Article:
Introduction of Rate Limiting and traffic shaping with NGINX.
Posted By : Lokesh Singh | 28-Jun-2021
Rate Limiting - Rate Limiting can be defined as limiting the amount of traffic on a network. We can categories rate-limiting into two parts.
- Traffic Policing - It measures the rate of incoming traffic and drops network packets that exceed the maximum allowed rate by any network.
- Traffic Shaping - It Queues Network Packets and controls the rate at which they are output. It increases packet latency by introducing delays in traffic but drop network packets if the network queue overflows.
In this blog, we will see how we rate-limit network packets with traffic shaping using NGNIX. It allows you to limit the number of HTTP requests a user can make in a certain amount of time. A request can be a simple HTTP request(GET, POST, PUT, etc..). Rate-Limiting can also be used for security. By using this we can prevent brute-force attacks and password guessing attacks. By implementing Rate-Limiting we can set fix amount of requests a user can make in a certain amount of time. It is generally used to prevent server spikes and protect upstream application servers by limiting the number of user requests.
In this blog, we will discuss basic rate limiting with NGNIX with traffic shaping and burst rate.
2. How Rate-Limiting in NGNIX works
NGNIX uses the leaky bucket algorithm, which is used in a packet-switched computer network. In this also the water is poured from the top and leaks from the bottom; if the poured rate is greater than the leaking limit the water overflows. The bucket represents the queue size of the network and incoming water represents the not of request to the server and it processed according to the first-in-first-out (FIFO) algorith, and leaking water represents requests processed by the server.
3. NGINX configurations for rate Limiting
We can configure rate limiting in two NGNIX directives,
limit_req_zone and limit_req.
limit_req_zone directive used to set parameters for rate-limiting and we define it into HTTP block which enables it in multiple contexts. and
limit_req enables rate limit in the context where it appears.
limit_req_zone the directive uses the following parameters:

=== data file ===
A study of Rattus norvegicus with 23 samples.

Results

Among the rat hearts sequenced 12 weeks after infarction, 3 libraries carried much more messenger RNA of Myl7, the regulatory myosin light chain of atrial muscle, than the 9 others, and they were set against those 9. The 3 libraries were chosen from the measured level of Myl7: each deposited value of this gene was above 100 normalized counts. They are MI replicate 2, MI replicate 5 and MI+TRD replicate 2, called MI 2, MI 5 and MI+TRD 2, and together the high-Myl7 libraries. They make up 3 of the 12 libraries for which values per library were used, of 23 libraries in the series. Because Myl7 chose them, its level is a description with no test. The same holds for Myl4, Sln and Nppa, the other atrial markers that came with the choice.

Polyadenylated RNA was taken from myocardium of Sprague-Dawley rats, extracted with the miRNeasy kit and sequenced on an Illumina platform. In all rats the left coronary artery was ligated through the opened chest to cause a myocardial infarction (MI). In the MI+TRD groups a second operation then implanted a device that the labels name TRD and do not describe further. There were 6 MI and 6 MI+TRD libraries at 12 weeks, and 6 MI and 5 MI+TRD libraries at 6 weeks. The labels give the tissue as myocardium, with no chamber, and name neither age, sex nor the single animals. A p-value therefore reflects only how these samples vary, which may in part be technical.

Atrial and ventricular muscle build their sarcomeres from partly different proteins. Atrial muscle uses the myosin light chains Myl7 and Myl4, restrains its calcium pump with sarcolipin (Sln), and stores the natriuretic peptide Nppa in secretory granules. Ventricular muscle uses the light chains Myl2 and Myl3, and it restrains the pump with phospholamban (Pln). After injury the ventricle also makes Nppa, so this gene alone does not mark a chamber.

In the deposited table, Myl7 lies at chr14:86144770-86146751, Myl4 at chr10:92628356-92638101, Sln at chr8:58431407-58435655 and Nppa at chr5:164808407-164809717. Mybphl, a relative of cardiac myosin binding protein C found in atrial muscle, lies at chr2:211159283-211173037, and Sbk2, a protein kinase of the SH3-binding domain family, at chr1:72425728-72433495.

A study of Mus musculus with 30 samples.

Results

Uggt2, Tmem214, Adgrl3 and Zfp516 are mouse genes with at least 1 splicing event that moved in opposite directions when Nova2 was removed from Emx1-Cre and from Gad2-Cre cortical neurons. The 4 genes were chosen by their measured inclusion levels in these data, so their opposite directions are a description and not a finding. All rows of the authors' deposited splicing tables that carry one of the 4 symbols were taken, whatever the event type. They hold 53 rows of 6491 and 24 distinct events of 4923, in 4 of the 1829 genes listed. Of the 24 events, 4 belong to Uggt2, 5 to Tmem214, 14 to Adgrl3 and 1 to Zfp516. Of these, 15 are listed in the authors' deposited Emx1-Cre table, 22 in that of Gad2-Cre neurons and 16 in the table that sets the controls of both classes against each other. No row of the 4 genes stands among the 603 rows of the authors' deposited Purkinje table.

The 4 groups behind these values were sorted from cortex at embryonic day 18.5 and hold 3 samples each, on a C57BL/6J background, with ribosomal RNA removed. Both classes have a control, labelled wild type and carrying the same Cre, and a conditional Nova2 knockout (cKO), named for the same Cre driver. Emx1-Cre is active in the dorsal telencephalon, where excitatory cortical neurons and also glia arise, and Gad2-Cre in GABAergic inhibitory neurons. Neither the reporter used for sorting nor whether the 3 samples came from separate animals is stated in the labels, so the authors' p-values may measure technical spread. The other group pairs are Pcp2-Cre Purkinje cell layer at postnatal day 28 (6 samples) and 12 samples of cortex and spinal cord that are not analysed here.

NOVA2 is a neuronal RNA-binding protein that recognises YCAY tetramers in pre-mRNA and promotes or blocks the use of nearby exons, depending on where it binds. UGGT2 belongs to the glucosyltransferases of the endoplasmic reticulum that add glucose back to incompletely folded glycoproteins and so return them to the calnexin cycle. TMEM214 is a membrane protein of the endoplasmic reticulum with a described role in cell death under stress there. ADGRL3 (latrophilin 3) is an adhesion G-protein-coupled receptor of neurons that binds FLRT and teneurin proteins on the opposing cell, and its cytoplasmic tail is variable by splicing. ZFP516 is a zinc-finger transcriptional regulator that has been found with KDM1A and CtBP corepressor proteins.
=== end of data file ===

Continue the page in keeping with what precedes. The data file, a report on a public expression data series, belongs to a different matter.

- Key - It defines to which against we want to apply rate limit. In this, we have used $binary_remote_addr variable which is the user's IP address the same way we can apply rate-limiting for the server if we want to apply for that.
- Zone - It defines the shared memory which is used to store the state of every IP address and how fast it is accessed and this is stored memory and can be used by every worked process in NGNIX.
- Rate - It sets the maximum rate at which a user can make a request to the server. in this, we have used 15 requests in a second if that limit exceeds for a user NGNIX will return 503( Service Temporarily Unavailable).
limit_req_zone only used to implement parameters for rate-limiting but it will limit the user requests. For this, to work we have to use
limit_req the respective context of the location or the server block.
The Burst parameter is used to define that how many requests a user can make in excess of the rate that is defined by the zone. and we want to buffer any excess requests and serve them in a respective manner, this is where we use burst parameter to
Queueing with No Delay
Implementing burst results in the smooth flow of traffic, but it is not very useful because it makes your site appear slow. To solve this problem we implement nodelay with the burst parameter.
By implementing the nodelay parameter when any request Hits too soon, NGNIX forwards it to the server as long as there are available slots in the queue. and the nodelay option is used when we want to implement a rate limit without waiting between the requests. for most cases, we implement burst with nodelay into the
limit_req context or server block.
In this blog, we have covered how we implement basic rate limiting using NGNIX and set rates for the different HTTP locations.